The song explores the complicated dynamic between making art to live, and making a living from your art begging the question, why aren’t self-proclaimed music fans always willing to pay musicians for their craft?
The Lewd Dudes aim to please and have come to be known for their lightheartedness, but “Pay Him,” though catchy, tackles a serious subject for musicians all over the globe. The band prides themselves on their musical talents and though they love joking around, they take their craft very seriously.
“We just wanted to be in something that puts a smile on people's faces,” says guitarist and vocalist Andrew Riefenstahl. “That was really the original intention when we created the band and I definitely have to say, over the last three years that positive energy has really translated.”
Being based in Austin, the ‘capital of live music,’ comes with its pros and cons for musicians. The market can be easily saturated as the price of living goes up making it harder and harder for gigging musicians to maintain a sustainable career.
The band learned the hard way that in an industry where many agreements are sealed with a handshake, they had to advocate for themselves and negotiate payment prior to the gigs as large crowds or streaming numbers do not always translate into big checks.
The Lewd Dudes described an incident where they were not paid for their performance, inspiring them to write “Pay Him,” not only about this one occurrence, but for all the other musicians who have experienced something similar.
“We came to a point where we realized that we were not being compensated for the time and effort that we were putting in,” says keyboardist Scott Morgan. “It can be a hard pill to swallow sometimes,” adds Riefenstahl.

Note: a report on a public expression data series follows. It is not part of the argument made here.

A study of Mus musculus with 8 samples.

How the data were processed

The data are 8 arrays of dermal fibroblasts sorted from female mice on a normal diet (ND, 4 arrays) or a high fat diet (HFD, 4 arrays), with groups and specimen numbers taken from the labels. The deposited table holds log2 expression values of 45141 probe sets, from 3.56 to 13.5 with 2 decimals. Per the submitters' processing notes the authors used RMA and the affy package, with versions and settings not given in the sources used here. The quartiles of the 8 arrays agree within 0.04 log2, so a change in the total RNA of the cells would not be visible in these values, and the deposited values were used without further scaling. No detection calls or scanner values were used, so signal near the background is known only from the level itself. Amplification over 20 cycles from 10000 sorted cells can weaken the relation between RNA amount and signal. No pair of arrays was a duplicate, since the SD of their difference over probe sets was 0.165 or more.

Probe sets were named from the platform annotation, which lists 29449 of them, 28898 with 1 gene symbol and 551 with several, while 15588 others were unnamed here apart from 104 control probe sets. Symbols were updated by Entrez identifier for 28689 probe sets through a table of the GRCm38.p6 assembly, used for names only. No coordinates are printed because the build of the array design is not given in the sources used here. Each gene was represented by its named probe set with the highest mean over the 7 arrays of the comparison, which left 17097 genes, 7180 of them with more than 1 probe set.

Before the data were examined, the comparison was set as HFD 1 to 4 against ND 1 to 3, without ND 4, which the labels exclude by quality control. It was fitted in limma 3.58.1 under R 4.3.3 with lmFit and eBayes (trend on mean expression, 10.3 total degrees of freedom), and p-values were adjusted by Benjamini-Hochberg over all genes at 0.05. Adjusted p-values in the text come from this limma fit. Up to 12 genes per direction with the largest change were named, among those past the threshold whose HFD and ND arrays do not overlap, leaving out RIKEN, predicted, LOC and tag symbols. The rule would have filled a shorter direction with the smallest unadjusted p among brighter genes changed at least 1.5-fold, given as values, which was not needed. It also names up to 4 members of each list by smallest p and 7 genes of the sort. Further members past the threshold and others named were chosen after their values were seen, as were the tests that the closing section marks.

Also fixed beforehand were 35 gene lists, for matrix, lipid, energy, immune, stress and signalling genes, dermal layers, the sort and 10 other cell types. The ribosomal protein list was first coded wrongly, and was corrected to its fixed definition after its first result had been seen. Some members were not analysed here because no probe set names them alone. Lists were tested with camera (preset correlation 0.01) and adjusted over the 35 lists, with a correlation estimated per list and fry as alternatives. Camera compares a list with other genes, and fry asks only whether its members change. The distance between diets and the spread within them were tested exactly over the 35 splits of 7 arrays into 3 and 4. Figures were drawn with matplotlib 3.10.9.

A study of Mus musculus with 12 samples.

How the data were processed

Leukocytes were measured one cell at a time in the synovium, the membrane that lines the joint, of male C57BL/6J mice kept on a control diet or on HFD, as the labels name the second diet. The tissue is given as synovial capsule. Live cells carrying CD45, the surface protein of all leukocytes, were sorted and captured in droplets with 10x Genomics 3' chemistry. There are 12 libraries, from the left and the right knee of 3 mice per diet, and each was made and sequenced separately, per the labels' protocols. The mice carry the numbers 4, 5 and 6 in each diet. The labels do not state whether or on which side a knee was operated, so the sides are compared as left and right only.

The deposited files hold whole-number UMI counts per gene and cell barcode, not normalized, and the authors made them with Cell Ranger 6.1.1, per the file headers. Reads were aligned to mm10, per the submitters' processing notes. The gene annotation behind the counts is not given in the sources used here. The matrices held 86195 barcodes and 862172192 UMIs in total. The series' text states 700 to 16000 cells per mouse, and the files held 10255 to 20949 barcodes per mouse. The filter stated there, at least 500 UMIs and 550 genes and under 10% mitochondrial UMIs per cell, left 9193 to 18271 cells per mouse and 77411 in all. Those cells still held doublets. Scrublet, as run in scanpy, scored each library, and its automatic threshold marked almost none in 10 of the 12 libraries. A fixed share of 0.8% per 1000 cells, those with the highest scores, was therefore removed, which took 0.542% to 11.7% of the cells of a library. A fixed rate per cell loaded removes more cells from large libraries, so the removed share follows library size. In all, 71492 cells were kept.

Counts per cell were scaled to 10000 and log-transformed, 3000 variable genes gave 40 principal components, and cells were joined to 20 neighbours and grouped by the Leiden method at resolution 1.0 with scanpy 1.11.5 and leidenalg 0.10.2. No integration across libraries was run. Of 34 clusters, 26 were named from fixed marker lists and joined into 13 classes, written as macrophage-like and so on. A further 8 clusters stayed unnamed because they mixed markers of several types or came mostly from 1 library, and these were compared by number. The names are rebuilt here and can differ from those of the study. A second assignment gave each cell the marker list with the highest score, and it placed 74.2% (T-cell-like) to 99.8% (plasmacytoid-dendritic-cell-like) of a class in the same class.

“I think for us, we wanted to play but what we learned through that was knowing our own worth,” says drummer and vocalist Jordan Hughes.
Lead Lewd Dudes guitarist and vocalist Rankin Fetzer is from Houston and previously played in local band Forever Miles. Pre COVID-19, the two groups shared many bills and overlap in their fan base.
Hannah Wolf had animated a video for Forever Miles song "Midnight" and Fetzer reached out to her to work on the video for “Pay Him.”
“I love the juxtaposition of it,” says Wolf of her initial impression of the song. “It was a melody that was fun and you can bob your head to, but the lyrics are serious. I have a lot of friends and people I’ve made work for that have echoed the same exact sentiment.”
Wolf, a live music aficionado, was completing the video as cities all over the world were shutting down to avoid the spread of COVID-19 and she was hearing firsthand from musician friends the financial struggles they were experiencing.
“Before this even happened, musicians were struggling and now this is happening. I hope that we can come back afterwards as fans and be like, we were really taking that fun that we got to have for granted.” Wolf adds: “I’m hoping that people hearing this song and seeing the video will think about that and also be entertained. I wanted it to match the song in that way.”
“I'm just really happy and honored that we got to be a part of that in Austin,” says Morgan. “Just knowing that we don't know when that environment is going to come back again, but the fact that we got to be there and be a part of it and give everybody their last chance to really enjoy life like it was before the pandemic was just a huge honor for us.”
Just as Wolf hopes that fans will return to music venues with increased gratitude, the band feels a shared responsibility to do the same.
“I think we will be more grateful, too. We all miss it, we all love it and it's the reason we do it. It would be great to be getting paid more and be treated right by venues, but at the end of the day I think we are all just itching to get back in front of an audience and play for our friends, family, loved ones and everybody in the community,” says Morgan.